Young

15 Canadian Youth Launch Federal Climate Lawsuit to Protect Their Charter and Public Trust Rights

October 25, 2019

These young Canadians are taking the federal government to court for its role in climate change.
Photo Credit: Robin Loznak, 2019.

VANCOUVER, B.C. (25 October 2019) — Today, 15 young Canadians from across the country filed a lawsuit against the federal government of Canada for contributing to dangerous climate change.

The case argues the youth are already being harmed by climate change and the federal government is violating their rights to life, liberty and security of the person under section 7 of the Canadian Charter of Rights and Freedoms and for failing to protect essential public trust resources. The youth also allege that their government’s conduct violates their right to equality under section 15 of the Charter, since youth are disproportionately affected by the effects of climate change.

The youth, from seven Canadian provinces and the Northwest Territories, are represented by the law firms of Arvay Finlay LLP and Tollefson Law Corporation, and are supported by the Pacific Centre for Environmental Law and Litigation (CELL), David Suzuki Foundation, and Our Children’s Trust.

The lawsuit calls on Canada to cease violating the youth’s Charter and public trust rights and prepare and implement a plan that reduces Canada’s GHG emissions in a manner consistent with what best available science indicates is needed for the federal government to protect young Canadians, do its fair share to stabilize the climate system, and avert the catastrophic consequences of climate change.

You can read the claim here.

Katrina Darychuk

Law Student

Katrina (she/her) is a J.D. candidate at the University of Victoria, Faculty of Law with interests in criminal law, disability justice, and environmental litigation. Most recently, Katrina worked in Whitehorse, YK with the Public Prosecution Service and will clerk with the Supreme Court of British Columbia in 2025.  

She holds a BA from University of Toronto in Critical Equity Studies and Ethics and a diploma in Theatre Arts from Langara College. Prior to law, Katrina worked as theatre director and creator across Canada. Her passions include gardening, thrifting, and walking her beloved dog Joe.

Patrick McDermott

Law Student

  • Santa Cruz Superior Court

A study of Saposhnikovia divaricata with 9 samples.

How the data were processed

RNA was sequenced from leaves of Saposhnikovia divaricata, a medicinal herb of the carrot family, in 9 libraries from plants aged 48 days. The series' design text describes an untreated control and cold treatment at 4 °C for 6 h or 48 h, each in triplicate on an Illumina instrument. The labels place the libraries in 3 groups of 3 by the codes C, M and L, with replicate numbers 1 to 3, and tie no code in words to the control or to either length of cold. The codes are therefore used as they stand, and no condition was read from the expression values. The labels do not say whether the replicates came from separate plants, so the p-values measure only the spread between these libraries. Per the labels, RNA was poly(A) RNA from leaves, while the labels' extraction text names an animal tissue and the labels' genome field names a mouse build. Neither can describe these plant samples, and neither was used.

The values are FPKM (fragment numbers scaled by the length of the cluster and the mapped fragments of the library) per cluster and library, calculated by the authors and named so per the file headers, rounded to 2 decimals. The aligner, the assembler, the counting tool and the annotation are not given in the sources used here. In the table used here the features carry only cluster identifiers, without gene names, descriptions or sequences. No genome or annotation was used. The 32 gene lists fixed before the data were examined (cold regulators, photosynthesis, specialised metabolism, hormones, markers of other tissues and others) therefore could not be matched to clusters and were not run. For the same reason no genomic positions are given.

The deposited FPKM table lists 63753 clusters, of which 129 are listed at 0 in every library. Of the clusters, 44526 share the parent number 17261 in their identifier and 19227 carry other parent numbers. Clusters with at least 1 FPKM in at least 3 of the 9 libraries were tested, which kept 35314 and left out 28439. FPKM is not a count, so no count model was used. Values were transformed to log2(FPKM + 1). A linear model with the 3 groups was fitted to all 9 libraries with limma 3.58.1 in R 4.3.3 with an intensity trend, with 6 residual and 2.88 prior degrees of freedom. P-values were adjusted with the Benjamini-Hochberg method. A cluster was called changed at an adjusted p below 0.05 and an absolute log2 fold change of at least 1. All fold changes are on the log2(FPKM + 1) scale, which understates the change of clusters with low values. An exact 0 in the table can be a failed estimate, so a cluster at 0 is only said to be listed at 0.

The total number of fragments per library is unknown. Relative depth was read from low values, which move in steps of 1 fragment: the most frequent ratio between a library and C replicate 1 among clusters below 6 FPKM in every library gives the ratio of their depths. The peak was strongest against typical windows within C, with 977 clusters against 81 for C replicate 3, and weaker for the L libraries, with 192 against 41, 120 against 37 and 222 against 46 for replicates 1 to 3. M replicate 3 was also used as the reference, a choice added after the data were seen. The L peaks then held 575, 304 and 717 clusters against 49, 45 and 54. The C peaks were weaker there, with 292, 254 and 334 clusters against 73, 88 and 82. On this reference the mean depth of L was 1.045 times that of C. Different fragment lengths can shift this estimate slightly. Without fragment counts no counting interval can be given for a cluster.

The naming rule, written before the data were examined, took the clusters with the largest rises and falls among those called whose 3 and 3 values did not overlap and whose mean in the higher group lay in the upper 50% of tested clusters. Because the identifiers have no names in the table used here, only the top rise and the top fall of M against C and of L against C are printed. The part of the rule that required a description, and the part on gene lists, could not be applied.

• California Attorney General’s Office, Land Use and Conservation Section

Patrick is a J.D. candidate at the University of Victoria, Faculty of Law. He is passionate about public interest environmental law as well as criminal justice reform. Patrick has a B.A. from University of California, Davis, and has legal experience in both Canada and the United States. Upon graduation, he will be clerking at the BC Supreme Court in Vancouver. In his spare time, he can be found backpacking, woodworking, baking, or running with his dog.

Lydia Young

Articled Student

  • 2022 Student mentor in the Pacific Centre for Environmental Law and Litigation | educational program
  • Associate Fellow, Centre for International Sustainable Development Law
 
Lydia received her J.D. from the University of Victoria in 2023 with a concentration in environmental law and sustainability and will be called to the British Columbia Bar in 2024. Lydia is pursuing an 2024-25 LL.M. in Global Environment and Climate Change Law at the University of Edinburgh.
 
As an articling student at Tollefson Law, Lydia has gained experience working on environmental, constitutional and natural resource litigation and has sat at counsel table before the BC Supreme Court and BC Court of Appeal. Lydia is pursuing a career that focuses on biodiversity conservation, natural resource law, green economies and sustainable development.

Anthony Ho

Associate

  • Program Coordinator at the Pacific Centre for Environmental Law and Litigation 
 
Anthony received his J.D. from the University of Victoria in 2014, and was called to the British Columbia bar in May 2015. His areas of practice in public interest environmental law have included environmental assessments, regulatory hearings, judicial reviews, and trials. 
 
He has appeared before the Federal Court and Federal Court of Appeal, the BC Supreme Court, and various tribunals including the National Energy Board and BC Environmental Appeal Board. 
 
In his capacity as Program Coordinator at the Pacific Centre for Environmental Law and Litigation (CELL), he helps deliver CELL’s educational program, which trains law students in litigation practice skills through exposure to real-life pieces of public interest environmental litigation.
 
He also holds a Master of Public Administration (UVic ’14), a B.Sc. in environmental sciences (UBC ’10), and a B.A. in political science (UBC ’10). He is currently pursuing a Ph.D. in Law and Society at UVic.

Chris Tollefson

Principal

  • Professor of Law, Faculty of Law, University of Victoria
  • Founding Executive Director of CELL – Pacific Centre for Environmental Law and Litigation
  • Past President of Ecojustice
 
Chris is the founding principal of Tollefson Law and a Professor of Law at the University of Victoria. He has degrees from Queen’s, University of Victoria and Osgoode Hall Law School, and clerked at the BC Court of Appeal.
 
Chris has appeared at all levels of trial and appeal court, and before various environmental regulatory boards and tribunals. He was counsel to BC Nature and Nature Canada during the Northern Gateway and Trans Mountain pipeline hearing processes.


 
He has published on a diverse range of environmental and natural resource topics including forestry, contaminated sites, environmental governance and assessment, eco-certification, and access to justice. The fourth edition of his national environmental textbook (co-authored with Prof. Meinhard Doelle) was published by Thomson Reuters in 2023.
 
He loves the outdoors, late night pool games, early morning reno projects, and dog sitting.